Last Updated Jul 14, 2020 at 7:49 am CDT

Summary

Canada added nearly a million jobs in June as the economy started to reopen amid COVID-19


The addition of jobs in June brings Canada's unemployment rate to 12.3 per cent


Unemployment rate hit 13.7 per cent in May, highest rate in more than four decades


OTTAWA – More Canadians are heading back to work as the country slowly reopens its economy, according to the latest unemployment figure from Statistics Canada.

The Canadian economy added 952,900 jobs in June, far above the average estimate for a gain of 700,000, the agency says.

The addition of nearly a million jobs brings the unemployment rate to 12.3 per cent. This comes after May marked a record rate of 13.7 per cent.

“While this (May) was the largest monthly decline on record, the unemployment rate remains much higher than February, when it was 5.6%,” Statistics Canada says.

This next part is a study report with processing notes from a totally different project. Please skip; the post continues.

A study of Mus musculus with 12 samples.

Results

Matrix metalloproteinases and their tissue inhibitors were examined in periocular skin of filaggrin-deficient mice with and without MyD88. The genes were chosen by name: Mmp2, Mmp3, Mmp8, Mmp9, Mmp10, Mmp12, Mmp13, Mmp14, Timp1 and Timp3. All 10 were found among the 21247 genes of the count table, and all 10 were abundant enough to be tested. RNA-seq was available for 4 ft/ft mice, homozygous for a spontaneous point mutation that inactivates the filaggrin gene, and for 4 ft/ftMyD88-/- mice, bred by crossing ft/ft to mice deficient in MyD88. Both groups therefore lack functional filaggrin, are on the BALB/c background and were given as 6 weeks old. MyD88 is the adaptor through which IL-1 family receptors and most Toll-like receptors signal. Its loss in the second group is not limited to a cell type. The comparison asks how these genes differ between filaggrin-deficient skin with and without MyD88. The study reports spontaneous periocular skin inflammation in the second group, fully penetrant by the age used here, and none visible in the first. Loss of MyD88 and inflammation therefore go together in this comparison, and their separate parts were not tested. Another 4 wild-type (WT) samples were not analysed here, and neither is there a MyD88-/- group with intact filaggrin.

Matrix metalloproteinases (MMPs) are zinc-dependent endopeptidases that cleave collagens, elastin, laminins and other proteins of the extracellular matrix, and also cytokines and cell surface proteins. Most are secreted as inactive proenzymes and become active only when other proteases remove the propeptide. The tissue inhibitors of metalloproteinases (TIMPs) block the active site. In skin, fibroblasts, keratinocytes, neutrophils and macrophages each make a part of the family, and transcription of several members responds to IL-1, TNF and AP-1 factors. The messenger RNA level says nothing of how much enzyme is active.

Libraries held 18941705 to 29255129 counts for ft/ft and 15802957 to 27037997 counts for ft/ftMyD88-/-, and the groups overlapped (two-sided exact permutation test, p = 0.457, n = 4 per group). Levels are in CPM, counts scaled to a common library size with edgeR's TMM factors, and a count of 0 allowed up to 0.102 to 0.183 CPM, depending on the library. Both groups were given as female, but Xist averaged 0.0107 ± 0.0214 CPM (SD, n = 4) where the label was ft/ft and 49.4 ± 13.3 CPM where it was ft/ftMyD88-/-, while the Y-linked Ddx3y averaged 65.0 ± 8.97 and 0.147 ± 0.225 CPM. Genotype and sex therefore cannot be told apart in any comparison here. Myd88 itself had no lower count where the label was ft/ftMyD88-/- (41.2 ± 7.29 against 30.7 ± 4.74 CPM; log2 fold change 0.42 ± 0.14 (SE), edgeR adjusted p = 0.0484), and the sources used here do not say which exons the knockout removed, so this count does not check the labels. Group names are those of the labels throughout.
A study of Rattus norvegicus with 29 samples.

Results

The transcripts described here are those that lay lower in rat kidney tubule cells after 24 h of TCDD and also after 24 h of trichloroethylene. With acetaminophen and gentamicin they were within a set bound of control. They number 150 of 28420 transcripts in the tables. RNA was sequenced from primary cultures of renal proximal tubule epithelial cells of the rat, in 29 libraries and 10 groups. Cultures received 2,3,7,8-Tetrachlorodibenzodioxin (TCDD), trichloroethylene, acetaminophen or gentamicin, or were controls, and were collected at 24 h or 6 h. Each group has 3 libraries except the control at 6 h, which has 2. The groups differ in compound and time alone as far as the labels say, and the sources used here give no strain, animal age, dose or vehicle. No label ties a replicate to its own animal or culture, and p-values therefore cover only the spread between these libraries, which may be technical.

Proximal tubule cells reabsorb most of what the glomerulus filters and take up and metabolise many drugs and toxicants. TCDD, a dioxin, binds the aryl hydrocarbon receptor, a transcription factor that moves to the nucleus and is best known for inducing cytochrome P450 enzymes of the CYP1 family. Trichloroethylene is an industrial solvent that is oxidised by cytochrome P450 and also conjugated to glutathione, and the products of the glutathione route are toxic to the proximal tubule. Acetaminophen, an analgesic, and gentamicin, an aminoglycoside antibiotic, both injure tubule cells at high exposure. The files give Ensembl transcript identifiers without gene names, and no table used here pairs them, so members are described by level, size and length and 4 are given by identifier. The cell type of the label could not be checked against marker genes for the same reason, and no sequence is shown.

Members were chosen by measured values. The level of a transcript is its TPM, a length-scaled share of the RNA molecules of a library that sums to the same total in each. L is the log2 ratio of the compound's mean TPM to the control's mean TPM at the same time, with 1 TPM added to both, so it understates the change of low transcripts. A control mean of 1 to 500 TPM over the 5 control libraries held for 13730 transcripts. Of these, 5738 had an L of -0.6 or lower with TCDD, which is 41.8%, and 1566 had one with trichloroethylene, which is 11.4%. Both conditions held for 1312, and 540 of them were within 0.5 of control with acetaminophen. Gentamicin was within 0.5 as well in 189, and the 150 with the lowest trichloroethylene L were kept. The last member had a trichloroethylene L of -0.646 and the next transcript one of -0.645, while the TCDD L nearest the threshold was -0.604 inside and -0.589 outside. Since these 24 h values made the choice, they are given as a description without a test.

In May, 289,600 jobs were filled.

“With these two consecutive increases, employment in June was 1.8 million lower than in February,” Statistics Canada says. “The number of Canadians who were employed but worked less than half their usual hours for reasons likely related to COVID-19 dropped by 823,000 in June. Combined with declines recorded in May, this left absences from work 1.4 million above pre-COVID levels.”

A step forward

Despite more people re-entering the workforce, more people were also looking for work.

While the addition of hundreds of thousands of jobs is a step in the right direction, the still-high unemployment rate shows more work still needs to be done to help Canadians weather the economic impacts of COVID-19.


However, it wasn’t until March that the economy showed the real impacts of closures and restrictions.

In March and April, Canada lost three million jobs, and more than two million people’s working hours were cut.